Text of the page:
The south is known for its barbecues, grilling, and seafood boils. Depending on the geography of the state, food prepared in these ways varies, but the same cooking methods are used throughout the South. These techniques are often used to cook meals in quantity, which are shared with the greater community. The cooking experience is intrinsically communal as well.

Stories, life lessons, and bonding are all part of outdoor cooking. Although Southern men are certainly at home in the kitchen, it is often men who spend the night shoveling coals and embers for barbecue, or who boil gallons of water to cook seafood. The act of cooking together in multi-generational groups is part of the experience, with elders informing young relatives of the intricacies of the cooking, the fire, and the preparations necessary for a perfect meal. All the while they are imparting knowledge of the group, giving advice about living, and passing on the values of the community.

Our word “barbecue” originated with a Taino Indian term, barbacoa (as recorded by the Spanish conquistadores) — a frame of green saplings over which meats and seafood would be smoked-roasted over a wood fire. The word made its way northward from the Caribbean to what we now know as the Southern United States. Barbecue involves a low temperature and prolonged cooking time, with the food generally cooked next to, not directly over the fire. Smoke is the soul of barbecue, although the wood varies as you travel throughout the South. Texans prefer oak and mesquite, for example, while in Kentucky and Tennessee, hickory and apple are the fuels of choice.

The first thing to come to terms with is that barbecue is not synonymous with grilling. Unfortunately, “Backyard Grilling Party” does not sound as catchy as “Backyard Barbecue. ” But the outdoor event where people grill hot dogs and burgers on an open flame using store-bought charcoals and a spatula isn’t actually a barbecue. Barbecue is a slow smoking process that uses various types of wood that are sometimes placed in a separate chamber from the meat (commonly the whole animal), depending on the type of barbecue pit being used. Grilling, on the other hand, takes much less time because it is done using high heat with smaller, tender pieces of meat.

In Colonial and nineteenth century America, and even in some parts of the South today, barbecue was cooked on sticks or metal grates stretched over a wood ember-filled pit or trench. The work was typically done by African Americans, who spent the night tending the fire, watching the meat, and serving it the next day. Thus was born the barbecue “pit” and pit barbecue. Today, most American barbecue is cooked above ground in a brick or metal cooker, but we still refer to the equipment as a “pit.” As for the term barbecue, over the centuries its meaning has broadened to the point where we now use it as a verb, “to cook meats or seafoods with wood smoke or simply to cook outdoors,” and a noun, “a piece of cooking equipment; a public or family meal cooked and eaten outdoors; or a particular meat cooked and eaten in a traditional manner.”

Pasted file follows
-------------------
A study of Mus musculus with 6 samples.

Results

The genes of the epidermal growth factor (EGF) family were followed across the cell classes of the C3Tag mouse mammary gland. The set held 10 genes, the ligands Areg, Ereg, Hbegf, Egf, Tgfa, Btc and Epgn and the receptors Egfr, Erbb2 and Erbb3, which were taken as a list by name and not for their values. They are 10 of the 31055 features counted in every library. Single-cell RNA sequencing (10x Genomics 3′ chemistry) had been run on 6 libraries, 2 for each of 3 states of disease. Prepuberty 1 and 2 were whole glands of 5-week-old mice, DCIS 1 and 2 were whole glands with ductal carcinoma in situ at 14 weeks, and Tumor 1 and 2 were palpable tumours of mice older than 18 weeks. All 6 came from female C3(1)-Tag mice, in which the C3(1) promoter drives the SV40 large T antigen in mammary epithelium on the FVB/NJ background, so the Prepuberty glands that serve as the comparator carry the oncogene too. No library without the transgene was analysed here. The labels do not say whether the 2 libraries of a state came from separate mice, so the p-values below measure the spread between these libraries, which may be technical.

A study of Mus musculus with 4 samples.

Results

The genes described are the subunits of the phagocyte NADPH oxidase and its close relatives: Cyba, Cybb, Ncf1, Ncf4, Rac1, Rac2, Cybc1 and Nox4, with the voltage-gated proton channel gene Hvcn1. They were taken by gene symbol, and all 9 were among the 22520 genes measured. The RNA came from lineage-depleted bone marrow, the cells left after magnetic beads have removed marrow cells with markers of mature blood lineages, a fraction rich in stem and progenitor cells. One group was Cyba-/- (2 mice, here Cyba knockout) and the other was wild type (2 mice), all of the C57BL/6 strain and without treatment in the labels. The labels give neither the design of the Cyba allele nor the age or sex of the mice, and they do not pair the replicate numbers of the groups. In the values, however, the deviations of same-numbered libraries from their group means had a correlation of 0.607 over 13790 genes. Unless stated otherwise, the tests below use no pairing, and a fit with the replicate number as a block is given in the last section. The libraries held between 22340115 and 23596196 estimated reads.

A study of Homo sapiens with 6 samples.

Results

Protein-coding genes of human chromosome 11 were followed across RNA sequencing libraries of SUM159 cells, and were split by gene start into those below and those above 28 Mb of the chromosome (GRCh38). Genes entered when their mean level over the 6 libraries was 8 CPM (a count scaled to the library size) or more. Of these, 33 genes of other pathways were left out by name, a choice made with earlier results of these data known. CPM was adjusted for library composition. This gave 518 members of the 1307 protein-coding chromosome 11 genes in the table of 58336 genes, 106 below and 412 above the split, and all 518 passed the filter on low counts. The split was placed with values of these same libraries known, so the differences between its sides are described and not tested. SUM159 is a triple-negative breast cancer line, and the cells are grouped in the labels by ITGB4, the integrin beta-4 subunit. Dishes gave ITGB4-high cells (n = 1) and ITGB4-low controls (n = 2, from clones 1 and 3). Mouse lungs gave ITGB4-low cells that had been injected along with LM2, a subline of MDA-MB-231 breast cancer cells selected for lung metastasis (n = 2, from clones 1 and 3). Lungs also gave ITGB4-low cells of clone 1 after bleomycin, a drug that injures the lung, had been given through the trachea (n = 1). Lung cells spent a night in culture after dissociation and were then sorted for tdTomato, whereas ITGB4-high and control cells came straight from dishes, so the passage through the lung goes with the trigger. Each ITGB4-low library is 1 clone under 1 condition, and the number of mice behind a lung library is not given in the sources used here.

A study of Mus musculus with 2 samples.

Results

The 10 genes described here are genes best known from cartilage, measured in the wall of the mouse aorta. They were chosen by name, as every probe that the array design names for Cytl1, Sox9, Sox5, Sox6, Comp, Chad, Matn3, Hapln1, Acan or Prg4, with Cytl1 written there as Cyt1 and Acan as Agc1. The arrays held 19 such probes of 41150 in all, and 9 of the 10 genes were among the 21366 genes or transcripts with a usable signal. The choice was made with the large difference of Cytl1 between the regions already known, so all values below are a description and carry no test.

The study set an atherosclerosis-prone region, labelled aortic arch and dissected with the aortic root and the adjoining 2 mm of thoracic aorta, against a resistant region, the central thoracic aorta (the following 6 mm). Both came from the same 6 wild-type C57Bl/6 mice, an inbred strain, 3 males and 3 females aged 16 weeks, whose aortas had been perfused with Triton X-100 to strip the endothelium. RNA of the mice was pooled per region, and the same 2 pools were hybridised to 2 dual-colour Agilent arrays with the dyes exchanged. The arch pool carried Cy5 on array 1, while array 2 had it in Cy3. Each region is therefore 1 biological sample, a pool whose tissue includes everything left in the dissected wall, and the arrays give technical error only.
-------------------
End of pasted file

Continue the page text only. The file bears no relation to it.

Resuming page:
What one means by “barbecue” varies widely as you travel through the South. In the Carolinas, for example, it means pork, chopped or shredded and doused with vinegar sauce (in North Carolina) or mustard sauce (in parts of South Carolina) and often served with pickles or slaw on a bun. In Texas, barbecue generally refers to beef, particularly brisket. There are micro-regions of barbecue, like Owensboro, Kentucky, where “barbecue” means smoked mutton, or Decatur, Alabama, where it describes smoked chicken served with a white mayonnaise-based barbecue sauce.

Wherever and however it’s done, barbecuing requires patience, imagination, and hard work.   The equipment, fuel, seasonings, proteins, and sauces (or lack of sauces) vary from city to city and state to state. It takes years of experience to get coals just right and to feel for the temperature instead of using a thermometer. These skills make the places that use a computer controlled pit with thermocouples seem like cheating.

We are fortunate to have the noted TV host and barbecue expert Steven Raichlen as our barbecue curator. With Steven’s help, we curated our Trail of Smoke and Fire.

Just like barbecue, boiling is a group process. It often involves actually catching bushel baskets of crabs, shrimp, or crawfish. The cooking at the boil is not as arduous as spending the night at a barbecue. But the time spent together catching the regional shellfish, and the secrets and finesse of proper seasoning, makes the boil different but important as a community social event. Unlike barbecue, which you can enjoy immediately when it hits your plate, a boil requires the ability to peel your crustacean before you eat it. Just learning how to do that provides one more teaching moment.

Before the advent of widespread crawfish farming in the 1970s, boils in the New Orleans area were shrimp and crabs only. In the environs of Baton Rouge and Lafayette, boils meant crawfish. Today crawfish is easy to find in New Orleans, as well as in Cajun country, so boils are more reflective of the season than the place. And as people have tried to make their boils more interesting, more than just corn and potatoes have found a home in the boils – including artichokes, sweet potatoes and sausage.